The summer music festival scene is heating up, and if rock concerts make you think of cheap beer or whiskey in plastic cups, you’re not alone. But if California wine retailer Peter Eastlake has his way, you’ll be pulling corks on some top cuvées instead. For the past four years, Eastlake, 39, the owner of a trio of wine stores in the Bay Area, has curated the wine tent at the massively popular Outside Lands Festival in San Francisco. Now, he’s bringing the show on the road to the Great GoogaMooga, a combo wine, food and music festival organized by the creators of Outside Lands and Bonaroo that will be held in Brooklyn’s Prospect Park on May 19 and 20. The wine side of the festival line-up includes top sommeliers like Aldo Sohm and Paul Grieco and winemakers from Bonny Doon and the Gotham Project, while the music portion includes headliners (and wine lovers) Hall & Oates and the Roots.
Eastlake, who grew up in Philadelphia and credits his wine importer neighbor for getting him into wine, recently spoke with Wine Spectator about how he made the leap from retail to festivals, why wine is ready for the big stage and which bottlings are best with music.
Wine Spectator: How did you get into wine?
Peter Eastlake: I grew up in Philadelphia, and my neighbor was a French wine importer. I was 20 and helping him with his Burgundies. I spent a year living in South Africa when I was in college and that was a fascinating immersive period [with South African wine]. Then when I graduated, I went straight to New York and worked at Morrell’s and then I managed the original Best Cellars on the Upper East Side. After 9/11, I moved to California and was the national buyer at Cost Plus World Market, based in Oakland. Together with my best friend, I opened Vintage Berkeley in North Berkeley in an old water-pumping station.
WS: What are some standout wines from your career?
PE: There was a blizzard in 1993 that shut down all the northeastern cities. I had done a tasting of our Burgundies in Wilmington so I had A.F. Gros Echézeaux and Richebourg—all this stuff open. I went back to my apartment in downtown Philadelphia and was completely snowed in and ended up drinking all of these Burgundies over the next four days. At the age of 22 years old—drinking Richebourg, Echézeaux at any hour because there was nothing else to do—I had a lot of time to think about the glory of the stuff I was drinking.
WS: What brought you to South Africa?
PE: After I had been selling wine in Philadelphia, I lived in Stellenbosch and Cape Town for a year in 1995. I went to the Cape Wine Academy, which was part of the Stellenbosch Farmers’ Winery at the time. I took a bunch of different classes there and got familiar with all the wineries there. It was cool because at that point this exciting up-and-coming region had been shut off from the rest of the world—or our world really. All of this newness despite the 400-year lineage of Cape wine. It was formative because I really got the culture of wine and the seasons.
WS: Do you have any personal wine favorites right now?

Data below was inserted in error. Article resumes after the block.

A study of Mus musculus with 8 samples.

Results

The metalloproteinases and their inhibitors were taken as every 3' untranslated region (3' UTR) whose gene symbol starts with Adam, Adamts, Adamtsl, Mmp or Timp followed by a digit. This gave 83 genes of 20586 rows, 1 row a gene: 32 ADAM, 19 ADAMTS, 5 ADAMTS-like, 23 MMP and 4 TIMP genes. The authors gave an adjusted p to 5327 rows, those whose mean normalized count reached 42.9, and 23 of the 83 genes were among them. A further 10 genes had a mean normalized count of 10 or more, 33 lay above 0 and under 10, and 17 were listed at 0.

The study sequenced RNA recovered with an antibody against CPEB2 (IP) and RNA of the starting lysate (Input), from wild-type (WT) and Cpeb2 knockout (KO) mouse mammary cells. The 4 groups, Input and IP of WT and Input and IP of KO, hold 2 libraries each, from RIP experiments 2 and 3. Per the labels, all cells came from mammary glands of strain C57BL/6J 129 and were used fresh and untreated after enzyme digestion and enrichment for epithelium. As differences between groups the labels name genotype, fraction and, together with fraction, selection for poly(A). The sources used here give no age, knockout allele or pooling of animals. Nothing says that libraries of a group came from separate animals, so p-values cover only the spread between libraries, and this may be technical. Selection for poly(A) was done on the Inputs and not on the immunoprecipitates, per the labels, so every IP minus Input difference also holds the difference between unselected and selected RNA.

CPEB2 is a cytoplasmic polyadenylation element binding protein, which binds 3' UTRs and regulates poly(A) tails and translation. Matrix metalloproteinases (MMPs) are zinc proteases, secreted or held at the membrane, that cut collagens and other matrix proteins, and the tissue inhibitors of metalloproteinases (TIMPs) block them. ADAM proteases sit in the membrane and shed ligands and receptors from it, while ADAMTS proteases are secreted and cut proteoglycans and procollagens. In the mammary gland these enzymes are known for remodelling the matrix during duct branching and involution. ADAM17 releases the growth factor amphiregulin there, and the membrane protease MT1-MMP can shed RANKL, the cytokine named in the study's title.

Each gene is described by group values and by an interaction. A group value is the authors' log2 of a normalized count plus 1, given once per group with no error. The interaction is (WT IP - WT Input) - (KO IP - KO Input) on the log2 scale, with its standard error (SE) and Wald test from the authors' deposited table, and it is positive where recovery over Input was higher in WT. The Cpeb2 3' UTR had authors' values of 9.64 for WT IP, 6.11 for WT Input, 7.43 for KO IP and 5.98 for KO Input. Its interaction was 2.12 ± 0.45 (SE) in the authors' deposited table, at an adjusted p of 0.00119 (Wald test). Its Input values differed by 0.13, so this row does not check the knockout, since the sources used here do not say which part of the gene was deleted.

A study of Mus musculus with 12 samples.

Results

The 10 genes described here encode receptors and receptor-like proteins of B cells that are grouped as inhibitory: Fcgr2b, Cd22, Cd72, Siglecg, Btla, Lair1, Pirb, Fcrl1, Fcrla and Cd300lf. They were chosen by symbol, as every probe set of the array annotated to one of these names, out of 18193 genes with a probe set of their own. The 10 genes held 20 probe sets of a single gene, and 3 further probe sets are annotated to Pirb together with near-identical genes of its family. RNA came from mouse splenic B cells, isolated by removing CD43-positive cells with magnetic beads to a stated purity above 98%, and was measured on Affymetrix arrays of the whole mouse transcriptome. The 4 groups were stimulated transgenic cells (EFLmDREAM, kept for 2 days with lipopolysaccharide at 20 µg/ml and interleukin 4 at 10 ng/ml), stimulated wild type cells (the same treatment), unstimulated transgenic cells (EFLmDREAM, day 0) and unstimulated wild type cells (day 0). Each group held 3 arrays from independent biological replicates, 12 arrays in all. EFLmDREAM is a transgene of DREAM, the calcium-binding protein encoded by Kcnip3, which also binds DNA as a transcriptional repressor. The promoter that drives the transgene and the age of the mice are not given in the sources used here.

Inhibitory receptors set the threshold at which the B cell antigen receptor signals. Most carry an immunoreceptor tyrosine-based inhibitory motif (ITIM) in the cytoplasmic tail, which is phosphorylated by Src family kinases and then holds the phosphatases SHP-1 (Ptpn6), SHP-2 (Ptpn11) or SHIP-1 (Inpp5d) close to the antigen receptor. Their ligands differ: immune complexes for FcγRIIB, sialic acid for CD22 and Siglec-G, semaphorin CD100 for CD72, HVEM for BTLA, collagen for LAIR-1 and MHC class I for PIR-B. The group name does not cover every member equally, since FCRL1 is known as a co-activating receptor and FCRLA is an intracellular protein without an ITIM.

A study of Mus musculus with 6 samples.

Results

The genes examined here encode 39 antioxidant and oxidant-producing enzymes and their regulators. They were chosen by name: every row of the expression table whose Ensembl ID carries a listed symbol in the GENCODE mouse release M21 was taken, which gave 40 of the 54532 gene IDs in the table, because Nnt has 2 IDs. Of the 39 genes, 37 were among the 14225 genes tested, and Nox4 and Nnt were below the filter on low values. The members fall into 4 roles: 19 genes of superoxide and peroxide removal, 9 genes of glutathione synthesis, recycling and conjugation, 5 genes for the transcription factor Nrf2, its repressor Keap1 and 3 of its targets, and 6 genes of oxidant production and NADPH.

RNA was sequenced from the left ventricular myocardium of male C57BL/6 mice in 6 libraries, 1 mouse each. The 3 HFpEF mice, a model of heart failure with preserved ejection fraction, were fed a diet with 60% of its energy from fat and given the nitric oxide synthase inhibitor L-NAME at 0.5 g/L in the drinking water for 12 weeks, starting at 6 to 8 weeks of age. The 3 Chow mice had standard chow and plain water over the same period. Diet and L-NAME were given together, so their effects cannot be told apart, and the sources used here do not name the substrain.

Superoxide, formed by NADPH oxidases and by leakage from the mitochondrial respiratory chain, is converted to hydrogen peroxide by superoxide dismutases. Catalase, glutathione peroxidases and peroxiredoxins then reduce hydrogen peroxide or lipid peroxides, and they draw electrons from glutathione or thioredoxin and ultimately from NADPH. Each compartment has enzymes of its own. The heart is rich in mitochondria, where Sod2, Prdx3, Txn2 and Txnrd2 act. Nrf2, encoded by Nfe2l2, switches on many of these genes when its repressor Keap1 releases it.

PE: I love big bottles. Maybe it’s because I’m a short guy? I don’t know … I’m an explorer. I love newness and interesting takes on things. Big bottles are always fun. Whether it’s a big bottle of rosé or a big bottle of Burgundy, I love to put a magnum down on the table and get into it with your closest.
WS: How did you get involved in curating wine for concerts?
PE: When Outside Lands came up, it was exciting because it was a chance to put wine in this live space in front of a huge amount of people. We had 60,000 people last year. I had been close with the guys from SuperFly. When Outside Lands was a year out, one of them said, “I wonder if there’s a role that wine might play?” And I said, “Absolutely, finally! An opportunity to take wine out of the box.” We’re creating a new platform where all of these pleasure points in our life—eating drinking, music—there’s a confluence of them all at this festival.
WS: Do you like music?
PE: Live music, yeah. I’ve always loved live music. I grew up in Philly so we’d go see the Who, the Rolling Stones, U2. The power of that huge collective experience has always had a big impact on me.
WS: It’s pretty rare to get good wine at a concert.
PE: It’s been a beer and whiskey thing. The aesthetic of rock-and-roll doesn’t fit wine. Programming wine in a music space, I constantly think: What is the connectivity between wine and music? We like to listen to music and drink wine, and to me that’s the most primal. There’s the artisan who makes a wine, who kind of resembles the mind of a musician. It’s an interesting thing. Wine and music work well together as a shared sensory experience, but I don’t see it as this winemaker is the new rock star. I think there are winemakers and sommeliers who embody the rock-and-roll aesthetic, but there are wines out there who have shy, quiet people behind them who create some of the most amazing, electric things you’ve ever tasted. So there are a lot of ways of thinking about it.
WS: Are there lots of musicians who like wine?
PE: These young indie bands, they bust their hump traveling around the globe, but more often than not these days, they eat pretty well and take care of themselves. They love wine and jump at it when they see it. At Outside Lands, they’ll bring the musicians over to the tent. Nathan from the Kings of Leon. Colin Meloy from the Decemberists—he’s a big fan of wine. And then a guy like Les Claypool who makes wine. There are a lot of wine-loving musicians.